By Courtney L. Saylor
Herald Staff Writer
PennDOT officials Tuesday tried to assuage concerns about confusion, train traffic backups and emergency vehicles related to a proposed roundabout for downtown Sharon.
About a dozen people attended a meeting in the Sharon City Building to learn about the two proposals to revamp the intersection of South Dock Street and Connelly Boulevard at the end of the state Route 718 widening project already under way south of the city.
Only a few asked questions and most seemed in-favor or at least open-minded about the novel idea.
Mike McMullen, project manager for PennDOT, said transportation officials decided to add the intersection that sees 12,000 vehicles a day to the scope of work to “fix inefficiencies.”
He said the intersection is “very tight” and built “many, many years ago” with roadway legs that don’t line up as well as they could. Heavy truck traffic in the area – nearly 1,000 large vehicles navigate the crossroads daily – often means tractor-trailers swinging wide to turn and opposing traffic needing to back up.
The two options PennDOT is eyeing would alleviate those concerns, either with a widened, signaled intersection or a single-lane roundabout.
“Engineering-wise, either one of these will work,” McMullen said.
PennDOT District Press Officer James E. Carroll said it’s too early to say which way the project is leaning.
“We’re looking for public input,” he said, noting that completion of the project is a couple years away.
Stephen Theiss said he thought it was better to experiment with the idea in Sharon than to put in the area’s first roundabout near the Shenango Valley Mall in Hermitage, another idea that’s been floated.
Theiss said he’s driven roundabouts in Washington and in New England and they seem to make sense.
The concept got a thumbs up from Brian Kepple after the information session, and Sam Walker also was in favor.
“I want a roundabout,” Walker said, noting that the four-way stop set up last year at Sharpsville Avenue and State Street while the traffic lights were being prepared worked just fine.
Walker said the stoplights don’t allow traffic to flow as well as a roundabout seems like it would.
McMullen said studies have shown roundabouts are safer than signaled intersections because there’s no opposing traffic and vehicles are going slower.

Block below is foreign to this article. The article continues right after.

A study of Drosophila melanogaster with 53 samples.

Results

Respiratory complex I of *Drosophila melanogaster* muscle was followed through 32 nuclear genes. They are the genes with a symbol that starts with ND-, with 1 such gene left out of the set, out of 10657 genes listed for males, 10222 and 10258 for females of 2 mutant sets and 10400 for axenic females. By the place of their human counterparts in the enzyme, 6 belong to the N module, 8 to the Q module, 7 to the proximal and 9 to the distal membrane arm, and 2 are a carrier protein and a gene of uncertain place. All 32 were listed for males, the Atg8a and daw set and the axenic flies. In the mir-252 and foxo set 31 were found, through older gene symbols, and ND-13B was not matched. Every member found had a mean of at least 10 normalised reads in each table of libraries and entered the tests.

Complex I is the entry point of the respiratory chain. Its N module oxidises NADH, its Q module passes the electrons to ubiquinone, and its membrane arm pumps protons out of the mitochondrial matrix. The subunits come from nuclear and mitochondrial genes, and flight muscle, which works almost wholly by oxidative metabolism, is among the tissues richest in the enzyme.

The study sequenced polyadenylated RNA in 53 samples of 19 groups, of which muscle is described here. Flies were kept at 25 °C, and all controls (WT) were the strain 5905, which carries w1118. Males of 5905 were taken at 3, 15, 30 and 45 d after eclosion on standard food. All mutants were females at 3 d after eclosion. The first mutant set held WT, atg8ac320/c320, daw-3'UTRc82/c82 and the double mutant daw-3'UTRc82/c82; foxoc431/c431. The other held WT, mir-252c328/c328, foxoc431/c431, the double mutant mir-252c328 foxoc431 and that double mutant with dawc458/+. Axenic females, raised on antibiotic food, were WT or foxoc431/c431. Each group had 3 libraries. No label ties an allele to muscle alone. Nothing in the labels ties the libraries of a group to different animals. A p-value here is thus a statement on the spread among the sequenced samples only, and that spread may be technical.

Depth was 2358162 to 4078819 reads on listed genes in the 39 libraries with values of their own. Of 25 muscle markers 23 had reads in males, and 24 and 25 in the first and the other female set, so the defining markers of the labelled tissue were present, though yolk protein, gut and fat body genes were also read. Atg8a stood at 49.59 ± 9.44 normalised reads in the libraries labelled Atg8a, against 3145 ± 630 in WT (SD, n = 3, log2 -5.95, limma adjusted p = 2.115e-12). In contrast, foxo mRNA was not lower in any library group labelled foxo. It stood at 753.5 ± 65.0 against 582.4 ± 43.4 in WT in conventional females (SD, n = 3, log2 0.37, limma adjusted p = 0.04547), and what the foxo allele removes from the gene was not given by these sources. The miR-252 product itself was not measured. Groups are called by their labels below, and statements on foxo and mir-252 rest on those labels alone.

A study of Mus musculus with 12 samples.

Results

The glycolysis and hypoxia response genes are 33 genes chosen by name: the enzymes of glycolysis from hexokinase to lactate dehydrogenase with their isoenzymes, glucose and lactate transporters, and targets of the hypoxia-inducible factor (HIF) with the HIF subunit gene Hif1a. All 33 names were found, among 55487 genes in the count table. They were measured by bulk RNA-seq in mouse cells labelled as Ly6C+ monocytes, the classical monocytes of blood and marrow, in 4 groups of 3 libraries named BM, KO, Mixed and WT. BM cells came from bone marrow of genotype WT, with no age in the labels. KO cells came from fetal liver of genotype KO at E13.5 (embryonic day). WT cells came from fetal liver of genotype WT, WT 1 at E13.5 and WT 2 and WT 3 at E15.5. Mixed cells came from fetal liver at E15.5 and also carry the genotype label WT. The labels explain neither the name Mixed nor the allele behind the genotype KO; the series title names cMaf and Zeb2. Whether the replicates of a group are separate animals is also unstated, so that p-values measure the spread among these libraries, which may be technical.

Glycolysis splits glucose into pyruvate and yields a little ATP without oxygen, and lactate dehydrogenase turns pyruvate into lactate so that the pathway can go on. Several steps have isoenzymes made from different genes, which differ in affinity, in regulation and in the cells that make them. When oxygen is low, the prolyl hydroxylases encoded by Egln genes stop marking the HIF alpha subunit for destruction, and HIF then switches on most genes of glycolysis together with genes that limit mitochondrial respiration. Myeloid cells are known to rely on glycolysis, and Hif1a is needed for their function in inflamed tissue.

“You never have to stop. You do have to slow down, of course. These are not NASCAR tracks,” McMullen said, noting that the ideal speed in a roundabout is 20 to 25 mph.
Another plus to the roundabout is that it would eliminate maintenance and electricity costs for the city to the tune of $5,000 a year, McMullen said.
Like anything new, people may be apprehensive about traveling a roundabout at first, Carroll said. But they’d get used to it.
“You shouldn’t be driving if you can’t drive around in a circle,” said Don Hall, PennDOT assistant district executive for design.
Folks expressed concern about the close proximity of the intersection to a railroad crossing, but McMullen said the traffic delay wouldn’t be much different than it is with the current traffic light nearby. He said the average delay for a train at the crossing at Chestnut Street and Connelly is two minutes and that happens three to four times a week.
McMullen said they hope to start the next phase of widening Route 718 just south of Roemer Boulevard in Farrell to Connelly in spring 2014 but it could be 2015 before it gets under way. The intersection would be the final piece of the 1.42-mile project estimated to cost about $9.4 million.
The biggest challenge to the project, either way, will be acquiring the rights-of-way from property owners along the strip of road. McMullen said they’re just starting the process with the 45 or so properties along the stretch from Farrell to Sharon. He said about six properties are involved at the intersection for the proposed roundabout.
“It could be a very appealing entry point to the city,” Walker said.